Thu Oct 20 23:37:28 SAST 2016

peddling new hope

By unknown | Jul 21, 2008 | COMMENTS [ 0 ]

New York's skyscraper skyline is more than one world away from the dry dusty fields where the children of Africa learn valuable lessons of life through the fun of chasing a football into the sunset.

New York's skyscraper skyline is more than one world away from the dry dusty fields where the children of Africa learn valuable lessons of life through the fun of chasing a football into the sunset.

Yet, that image of the First World reaching out to clasp hands of common humanity with the developing world is a crucial link in the flourishing Play Soccer development chain.

Play Soccer, incorporated in New Jersey in the US in 1999, began its first programme in Ghana two years later. It is about volunteer work at community level and constructive interaction with other administrative and sports-based organisations.

Judy McPherson is the energetic founder of Unicef, the United Nations Children's Fund. Her experience in the financial directorate meant she knew the challenge of bringing humanitarian support to areas of the world with needs that far outstrip the comprehension of even the most inquiring minds in the world's affluent nations.

But McPherson had also learnt during a five-year period in France, about the community-uniting importance of football, or "soccer" in American parlance.

McPherson recalled the lessons of shared goals on and off the pitch when she realised that young children in the most disadvantaged areas of the world needed an opportunity to learn life skills to build their future.

"A development agency like Unicef has an important role globally, but ordinary members of society at a micro-level can be extremely effective," she says. "Football is fun, low-cost and an effective way of mobilising communities. Play Soccer is a recreational programme open to everyone, starting with young children for early engagement and education, particularly encouraging the participation of girls."

McPherson regularly travels to see first-hand the fruits of her work and that the programmes are in good shape both in terms of organisation and finance.

The organisation has been in existence for the past nine years, is a non-profit-making network that proclaims its ambition as providing "an international programme for health, education and the social and physical development of children through community-based soccer activities."

Thus far, McPherson has seen her concept taken up in practical terms on behalf of children aged between five and 14 in Cameroon, Ghana, Malawi, Senegal, South Africa and Zambia. Community projects are overseen by a national Play Soccer board and these are linked by the main board, also made up of volunteer directors from the US.

Play Soccer volunteers concentrate on teaching football to boys and girls as a means to not only instill football skills, but to address issues of health and social education.

As McPherson says, "our aim is a holistic approach. Soccer is such a great medium for development because it cuts so easily across all the socio-economic levels."

Health education includes awareness of nutrition, personal hygiene, importance of clean water, sanitation, how to restrict the spread of HIV-Aids, tuberculosis, malaria and social education focusing on teamwork, peaceful solutions to disputes, fair play, respect for others and interdependence.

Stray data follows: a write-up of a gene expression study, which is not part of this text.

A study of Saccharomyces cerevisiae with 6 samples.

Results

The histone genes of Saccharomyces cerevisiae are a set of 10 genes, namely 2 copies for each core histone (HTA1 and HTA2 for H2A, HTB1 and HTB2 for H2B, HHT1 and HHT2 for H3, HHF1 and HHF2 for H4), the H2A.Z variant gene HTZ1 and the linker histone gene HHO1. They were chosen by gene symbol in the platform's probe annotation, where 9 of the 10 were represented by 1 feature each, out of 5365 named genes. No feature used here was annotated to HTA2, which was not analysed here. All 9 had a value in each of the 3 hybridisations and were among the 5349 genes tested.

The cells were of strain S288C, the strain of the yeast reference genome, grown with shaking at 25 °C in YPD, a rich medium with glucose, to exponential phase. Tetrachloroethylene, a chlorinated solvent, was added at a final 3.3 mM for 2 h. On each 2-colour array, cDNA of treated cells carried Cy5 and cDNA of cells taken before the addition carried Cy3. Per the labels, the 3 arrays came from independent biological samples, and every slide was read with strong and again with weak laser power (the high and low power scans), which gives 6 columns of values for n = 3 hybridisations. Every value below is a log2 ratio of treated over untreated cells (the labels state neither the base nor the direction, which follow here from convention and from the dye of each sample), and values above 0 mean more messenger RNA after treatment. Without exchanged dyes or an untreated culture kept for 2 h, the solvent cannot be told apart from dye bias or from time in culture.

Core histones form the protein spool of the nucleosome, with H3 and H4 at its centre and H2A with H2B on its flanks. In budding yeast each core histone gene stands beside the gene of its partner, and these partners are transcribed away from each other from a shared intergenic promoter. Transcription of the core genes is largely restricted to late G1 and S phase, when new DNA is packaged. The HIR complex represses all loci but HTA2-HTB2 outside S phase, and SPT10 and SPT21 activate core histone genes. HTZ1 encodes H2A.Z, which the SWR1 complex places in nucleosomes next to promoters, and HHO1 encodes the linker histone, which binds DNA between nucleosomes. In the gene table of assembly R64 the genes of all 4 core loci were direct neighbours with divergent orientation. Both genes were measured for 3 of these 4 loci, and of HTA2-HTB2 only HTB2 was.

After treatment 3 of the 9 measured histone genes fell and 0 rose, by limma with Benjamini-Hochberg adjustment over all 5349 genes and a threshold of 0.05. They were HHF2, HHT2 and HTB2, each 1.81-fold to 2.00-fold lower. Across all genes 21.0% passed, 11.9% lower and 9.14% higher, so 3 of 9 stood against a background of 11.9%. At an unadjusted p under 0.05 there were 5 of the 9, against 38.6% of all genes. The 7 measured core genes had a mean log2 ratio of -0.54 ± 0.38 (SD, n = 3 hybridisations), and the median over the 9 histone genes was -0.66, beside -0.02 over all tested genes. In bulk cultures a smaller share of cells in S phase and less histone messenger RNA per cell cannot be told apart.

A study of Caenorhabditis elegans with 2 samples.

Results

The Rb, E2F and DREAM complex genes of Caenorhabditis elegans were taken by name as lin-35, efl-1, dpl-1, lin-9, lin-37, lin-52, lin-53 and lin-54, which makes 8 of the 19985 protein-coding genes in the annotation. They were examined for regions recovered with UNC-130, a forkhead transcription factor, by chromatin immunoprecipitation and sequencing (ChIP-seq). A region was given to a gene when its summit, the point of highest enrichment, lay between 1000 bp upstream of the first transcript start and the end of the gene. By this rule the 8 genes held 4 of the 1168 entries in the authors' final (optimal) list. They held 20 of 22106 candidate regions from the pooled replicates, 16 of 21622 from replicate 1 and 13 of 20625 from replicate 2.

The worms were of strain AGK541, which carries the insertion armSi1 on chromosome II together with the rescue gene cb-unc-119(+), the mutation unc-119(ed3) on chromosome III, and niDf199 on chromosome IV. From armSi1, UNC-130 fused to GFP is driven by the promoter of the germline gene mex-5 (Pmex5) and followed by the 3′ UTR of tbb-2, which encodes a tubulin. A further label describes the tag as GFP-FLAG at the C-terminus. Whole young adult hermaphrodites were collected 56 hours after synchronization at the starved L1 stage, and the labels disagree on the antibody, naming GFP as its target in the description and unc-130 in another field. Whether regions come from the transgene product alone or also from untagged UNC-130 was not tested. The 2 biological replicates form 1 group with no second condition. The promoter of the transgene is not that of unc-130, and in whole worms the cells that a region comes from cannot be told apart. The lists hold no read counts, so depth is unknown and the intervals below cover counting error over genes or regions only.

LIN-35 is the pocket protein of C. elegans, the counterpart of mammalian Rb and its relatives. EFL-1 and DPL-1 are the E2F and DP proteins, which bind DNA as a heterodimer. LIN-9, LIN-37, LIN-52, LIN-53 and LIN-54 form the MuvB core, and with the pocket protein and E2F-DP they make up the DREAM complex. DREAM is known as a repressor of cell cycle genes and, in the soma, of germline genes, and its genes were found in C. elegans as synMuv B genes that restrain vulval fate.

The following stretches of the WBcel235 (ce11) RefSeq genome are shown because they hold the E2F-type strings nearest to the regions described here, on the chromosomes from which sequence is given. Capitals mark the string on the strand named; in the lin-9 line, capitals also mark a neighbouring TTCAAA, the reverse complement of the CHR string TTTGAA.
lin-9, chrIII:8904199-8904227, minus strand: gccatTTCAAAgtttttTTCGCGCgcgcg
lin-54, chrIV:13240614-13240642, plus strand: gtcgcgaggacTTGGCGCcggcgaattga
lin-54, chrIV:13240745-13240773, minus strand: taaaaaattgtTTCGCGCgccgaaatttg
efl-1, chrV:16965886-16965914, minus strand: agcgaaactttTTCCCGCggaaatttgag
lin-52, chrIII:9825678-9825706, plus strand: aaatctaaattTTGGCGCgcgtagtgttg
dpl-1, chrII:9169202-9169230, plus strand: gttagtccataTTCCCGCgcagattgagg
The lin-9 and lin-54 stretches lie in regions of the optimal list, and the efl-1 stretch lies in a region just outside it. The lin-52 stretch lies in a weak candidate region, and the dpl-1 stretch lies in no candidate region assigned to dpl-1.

Mamadou Samb, programme director in Senegal, says, "If children aren't part of our Play Soccer programme, what are they going to do? With too much time on their hands, they are going to hang around the streets, and when that happens, anything can occur next."

The success of the programme is evident by the way in which many of the volunteers benefit almost as much as the children.

One such grateful volunteer is Gloria Mofokeng.

A Play Soccer instructor at Finetown, South Africa, she says, "Play Soccer is very important to me. It came along when I lost faith in life. It has brought back my own skills and self-confidence. I realised the joy it brings me spiritually.

"We always thought that our neighbourhood was isolated and neglected. However, I saw this as a good opportunity to work with kids and be a role model to them.

"Sometimes, this is the only place they find happiness and love outside their homes. I want to set a good example so that, in years to come, they may look back and say I played a positive role in their life. That's my mission."

Play Soccer was one of the first partners involved in the practical implementation of Fifa's Football for Hope programme. Now its network reaches more than 10000 children and requests for expansion have been received from elsewhere in Africa as well as from Asia, Central America and the Caribbean.

Funds are raised from international agencies, national and local governments and sports bodies including Fifa. The most disadvantaged communities in an area are identified, local interest is engaged and enrolment for the children begins.

A so-called "jump grant" from headquarters provides each local programme with the initial cost of volunteers, basic training plus the basic materials that include T-shirts, balls, training cones and so on.

Senegal is just one of the countries in which the model is alive and working just as the international Play Soccer umbrella wishes. The local volunteers cannot provide guarantees for the children growing up in the programme, but can only hope for the best.

Samb, the project director in Senegal, says, "The future of the children who go through the programmes is somewhat hypothetical. No one knows what the future holds but, if they are lucky enough to become involved in Play Soccer or a similar programme then at least we can guarantee them one thing, the right to education, the right to self development, the right to play - all the rights listed by Unicef."